You will rarely find a piece praising a politician in these pages. We sports journalists have seen far too many of that breed ruin our federations. Then, their apathy towards our athletes does not foster much regard for them. But Ajay Maken is different. That this man has moved on from the sports
ministry has come as a severe dampener to those who were beginning to get optimistic about our rogue sports bodies being brought to account. Maken's legacy
What he did to ensure accountability amongst sports administrators apart, it was Maken's human touch which made his tenure so favourable to sportsmen. Every minister wants to meet Sachin Tendulkar. But few care to meet our para-athletes. Few care to figure just what's going on in winter sports. Shiva Keshavan, four-time winter Olympian, is an interesting case in point.
The poor fellow was made to wait and wait and then wait some more by Maken's predecessor. He didn't know what hit him when he was ushered into Maken's chambers the first time he tried to meet him.
The former sports minister was even more easily accessible to the activist lawyer Rahul Mehra and consulted many a former athlete when it came to redrafting the sports policy. This inclusive approach is rare in the bureaucratic corridors of our government. He had also come up with measures to rein in the Sports Authority of India and bypassed the body's long-winded procurement procedure to speed up access to quality equipment for our athletes.
His hard-nosed approach to curtailing the reign of long-serving administrators and pruning the official number of delegates going to the Olympics must have made things tough for him in political circles but Maken held out. In the process he gave Indian sportsmen hope for a change for the better. Mahesh Bhupathi would not have gone so vocal against the vagaries of the bumbling tennis federation had he not had the confidence of backing from the Ministry.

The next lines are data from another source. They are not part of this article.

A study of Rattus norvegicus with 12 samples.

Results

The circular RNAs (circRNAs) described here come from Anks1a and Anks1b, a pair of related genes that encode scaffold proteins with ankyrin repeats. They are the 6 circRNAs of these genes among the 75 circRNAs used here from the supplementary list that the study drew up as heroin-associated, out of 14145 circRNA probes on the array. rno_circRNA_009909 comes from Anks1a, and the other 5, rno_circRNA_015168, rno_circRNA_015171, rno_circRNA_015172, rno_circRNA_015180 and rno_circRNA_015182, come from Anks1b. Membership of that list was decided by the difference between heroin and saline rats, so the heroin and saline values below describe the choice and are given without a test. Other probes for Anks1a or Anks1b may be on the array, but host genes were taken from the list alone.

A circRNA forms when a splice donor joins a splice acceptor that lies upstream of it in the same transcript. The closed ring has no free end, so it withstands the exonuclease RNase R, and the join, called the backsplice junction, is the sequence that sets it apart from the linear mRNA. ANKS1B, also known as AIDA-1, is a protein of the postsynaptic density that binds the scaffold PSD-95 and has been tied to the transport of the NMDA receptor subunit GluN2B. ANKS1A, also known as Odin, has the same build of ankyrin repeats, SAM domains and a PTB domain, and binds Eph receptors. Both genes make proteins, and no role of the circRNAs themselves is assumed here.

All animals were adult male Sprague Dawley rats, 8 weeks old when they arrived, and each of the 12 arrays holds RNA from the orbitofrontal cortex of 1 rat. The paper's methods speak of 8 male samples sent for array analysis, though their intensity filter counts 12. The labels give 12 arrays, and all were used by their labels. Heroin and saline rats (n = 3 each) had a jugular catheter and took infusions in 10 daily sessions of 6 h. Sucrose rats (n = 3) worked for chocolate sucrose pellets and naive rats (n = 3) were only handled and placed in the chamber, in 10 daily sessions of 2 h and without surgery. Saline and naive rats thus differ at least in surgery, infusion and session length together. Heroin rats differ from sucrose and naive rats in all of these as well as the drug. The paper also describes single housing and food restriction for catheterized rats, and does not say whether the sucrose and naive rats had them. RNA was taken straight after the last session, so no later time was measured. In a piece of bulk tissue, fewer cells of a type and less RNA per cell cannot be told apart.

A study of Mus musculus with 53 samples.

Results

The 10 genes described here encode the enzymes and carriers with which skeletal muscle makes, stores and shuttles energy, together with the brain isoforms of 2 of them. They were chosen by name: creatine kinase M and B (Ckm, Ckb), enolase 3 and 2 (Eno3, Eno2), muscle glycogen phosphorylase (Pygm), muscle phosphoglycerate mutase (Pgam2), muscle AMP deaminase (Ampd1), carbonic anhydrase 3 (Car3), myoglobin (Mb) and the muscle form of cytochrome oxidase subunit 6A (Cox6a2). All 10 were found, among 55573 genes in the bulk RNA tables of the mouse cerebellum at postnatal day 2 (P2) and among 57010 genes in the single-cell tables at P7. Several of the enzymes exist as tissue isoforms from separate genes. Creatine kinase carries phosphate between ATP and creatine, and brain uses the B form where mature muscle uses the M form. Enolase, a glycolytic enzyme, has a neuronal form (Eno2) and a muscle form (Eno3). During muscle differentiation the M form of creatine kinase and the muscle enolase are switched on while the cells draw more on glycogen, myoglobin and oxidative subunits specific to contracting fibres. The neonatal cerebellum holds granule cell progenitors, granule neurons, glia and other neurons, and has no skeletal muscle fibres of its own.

In fact Maken was keen to scrutinize the affairs of some federations after allegations by athletes and tennis was top of his agenda. It remains to be seen if his successor provides Bhupathi with the kind of support the player needs to expose the wrong-doings in the tennis body.
HT's political editor tells this writer that fresh incumbent Jitendra Singh has the backing of Rahul Gandhi and is a 41-year-old young politician eager to make his mark. The best thing for Indian sport would be if Singh chooses to continue the beginning made by Maken and cleans up the mess that our federations continue to be. Of course, he could also look beyond and correct the one major lapse by Maken - smoothen the road to the Indian GP by allowing the cars and equipment to come in minus the humongous money bond that the promoter has to cough up.
One has consistently heard that Maken would not have been able to ruffle the power-brokers of Indian sport had it not been sanctioned by the high command. If that’s the case, Indian sport can certainly look forward to Jitendra Singh carrying the baton from where Maken left off. But, Indian sport will certainly miss the genial minister who always had time for those who looked to change the lot of our athletes.